Ghana has lifted a three-week partial lockdown in major cities over the coronavirus - one of the first African countries to ease such restrictions. Some Ghanaians say they fear the restrictions are being lifted too soon, while struggling shop owners and daily wage workers were already back at work as the lift took effect Monday.
President Nana Akufo-Addo announced an end to the partial lockdown in a televised address late Sunday.
Akufo-Addo said the nation is not letting down its guard against the pandemic.
Public gatherings are still banned, schools remain closed and social distancing measures continue. The borders will remain closed for a further two weeks to stop the virus from entering the country.
He said Ghana was taking action to protect its people from the virus was but using an approach which suits the country.
“We shall be nimble and adapt as the situation changes. We will tailor our solutions to our unique social, economic and cultural conditions. There is no one-size-fits-all approach, but I pledge to you that government will do whatever is required, in our particular circumstances, to safeguard the lives of our people, and keep our economy going,” said the president.
Reaction to the speech was mixed. Many on social media say the move is premature. Ghana has seen more than 1,000 cases of coronavirus to date, although the death toll has been low, with only nine fatalities.
Ernest Agyei Badu, who sells television sets in Accra, said he is pleased the lockdown is over. He had spent the time in Kumasi, which was also in partial lockdown.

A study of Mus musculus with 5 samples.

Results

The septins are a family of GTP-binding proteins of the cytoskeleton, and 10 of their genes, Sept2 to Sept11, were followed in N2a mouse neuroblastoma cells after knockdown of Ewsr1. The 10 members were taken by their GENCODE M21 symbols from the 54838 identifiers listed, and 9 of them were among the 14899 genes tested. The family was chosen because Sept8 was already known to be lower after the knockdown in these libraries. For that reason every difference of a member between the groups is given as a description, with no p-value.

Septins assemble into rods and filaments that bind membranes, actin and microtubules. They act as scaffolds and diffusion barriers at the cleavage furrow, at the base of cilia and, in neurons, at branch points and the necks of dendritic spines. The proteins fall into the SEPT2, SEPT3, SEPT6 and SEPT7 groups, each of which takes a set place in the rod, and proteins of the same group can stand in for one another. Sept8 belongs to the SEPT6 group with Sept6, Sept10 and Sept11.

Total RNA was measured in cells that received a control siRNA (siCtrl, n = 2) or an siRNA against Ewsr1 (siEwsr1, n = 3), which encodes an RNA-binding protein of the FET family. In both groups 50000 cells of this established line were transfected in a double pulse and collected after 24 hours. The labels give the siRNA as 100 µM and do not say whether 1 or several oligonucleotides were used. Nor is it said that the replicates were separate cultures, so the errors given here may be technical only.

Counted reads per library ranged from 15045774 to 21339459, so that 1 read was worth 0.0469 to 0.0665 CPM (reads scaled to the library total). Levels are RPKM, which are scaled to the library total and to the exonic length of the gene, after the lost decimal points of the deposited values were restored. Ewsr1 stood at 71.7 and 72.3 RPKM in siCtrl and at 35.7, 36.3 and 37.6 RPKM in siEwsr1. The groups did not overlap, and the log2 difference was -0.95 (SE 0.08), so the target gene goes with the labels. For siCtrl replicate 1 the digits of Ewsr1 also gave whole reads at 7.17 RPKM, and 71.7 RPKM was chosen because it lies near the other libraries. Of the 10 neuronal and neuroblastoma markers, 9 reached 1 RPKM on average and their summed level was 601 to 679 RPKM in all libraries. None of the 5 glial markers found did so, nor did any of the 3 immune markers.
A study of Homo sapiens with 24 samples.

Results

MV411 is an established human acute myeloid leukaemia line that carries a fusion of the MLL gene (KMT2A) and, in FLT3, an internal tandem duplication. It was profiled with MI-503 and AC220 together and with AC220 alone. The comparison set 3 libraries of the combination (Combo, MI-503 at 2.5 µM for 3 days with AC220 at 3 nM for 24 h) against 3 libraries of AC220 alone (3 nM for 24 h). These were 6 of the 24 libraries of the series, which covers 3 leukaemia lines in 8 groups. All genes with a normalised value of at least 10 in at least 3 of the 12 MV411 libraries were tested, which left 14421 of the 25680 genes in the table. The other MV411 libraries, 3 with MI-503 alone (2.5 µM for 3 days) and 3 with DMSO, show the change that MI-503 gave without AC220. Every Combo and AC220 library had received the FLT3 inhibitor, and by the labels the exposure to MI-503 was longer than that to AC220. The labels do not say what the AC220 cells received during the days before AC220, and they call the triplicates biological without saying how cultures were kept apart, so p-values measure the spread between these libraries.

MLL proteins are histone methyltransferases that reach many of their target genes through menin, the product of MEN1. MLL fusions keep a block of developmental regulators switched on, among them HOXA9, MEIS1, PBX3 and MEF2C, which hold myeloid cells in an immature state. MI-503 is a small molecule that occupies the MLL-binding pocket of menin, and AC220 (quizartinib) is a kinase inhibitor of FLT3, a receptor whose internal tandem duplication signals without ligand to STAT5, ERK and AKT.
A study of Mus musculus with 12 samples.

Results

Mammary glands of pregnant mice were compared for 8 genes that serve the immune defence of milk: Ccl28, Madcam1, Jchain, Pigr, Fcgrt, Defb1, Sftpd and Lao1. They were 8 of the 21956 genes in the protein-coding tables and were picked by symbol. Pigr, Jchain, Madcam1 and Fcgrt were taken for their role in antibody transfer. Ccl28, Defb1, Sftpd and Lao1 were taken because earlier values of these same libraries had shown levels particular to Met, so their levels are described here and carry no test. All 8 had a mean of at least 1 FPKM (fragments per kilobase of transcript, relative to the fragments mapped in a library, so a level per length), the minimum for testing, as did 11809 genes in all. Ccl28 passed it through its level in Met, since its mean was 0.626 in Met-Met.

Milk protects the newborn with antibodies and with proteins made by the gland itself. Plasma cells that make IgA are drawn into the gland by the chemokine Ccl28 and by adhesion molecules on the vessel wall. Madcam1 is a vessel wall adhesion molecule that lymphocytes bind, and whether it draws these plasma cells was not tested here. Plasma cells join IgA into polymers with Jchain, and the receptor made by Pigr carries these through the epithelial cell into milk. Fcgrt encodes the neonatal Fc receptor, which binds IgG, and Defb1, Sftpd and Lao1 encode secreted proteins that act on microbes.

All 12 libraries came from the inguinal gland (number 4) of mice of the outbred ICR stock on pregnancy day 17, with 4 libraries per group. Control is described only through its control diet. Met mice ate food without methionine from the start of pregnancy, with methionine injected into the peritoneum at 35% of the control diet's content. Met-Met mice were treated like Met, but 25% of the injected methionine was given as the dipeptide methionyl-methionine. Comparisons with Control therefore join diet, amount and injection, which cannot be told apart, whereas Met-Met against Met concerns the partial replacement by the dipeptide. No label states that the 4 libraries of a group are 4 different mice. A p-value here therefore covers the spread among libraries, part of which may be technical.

On Monday morning, he took a bus back to the capital so he could return to work.
“There were a lot of issues. I had imported a lot of TVs and they were all locked up in the warehouse, and nothing was going on, so I personally didn't support the lockdown. I have workers; how am I going to pay them when we are not selling? So, it was a big problem,” he said.
To try to relieve suffering from the lockdown and ongoing pandemic, Ghana is providing food for the vulnerable and free or subsidized electricity. It has also borrowed one billion dollars from the International Monetary Fund to help close the financing gap created by the pandemic.
William Nyarko is the executive director of the Africa Center for International Law and Accountability, a non-partisan research group. He said the impact of the lockdown is significant as Ghana’s economy is largely informal, and people rely on daily wages.
Nyarko said he would have preferred incremental steps in lifting the lockdown to avoid further spread of the virus.
“An incremental approach would have been that he would lift the restrictions in phases like he did when he was doing a partial lockdown, so for example, he could have lifted the restrictions for two weeks and then would be monitoring to assess how things were going.”
As the streets return to life in Accra, Ghana’s government has said it will keep a clear focus on the situation and continue testing contacts of positive cases.
So far, it has traced 86,000 contacts and tested 68,591 of them, of which 1.5%, have come back as positive.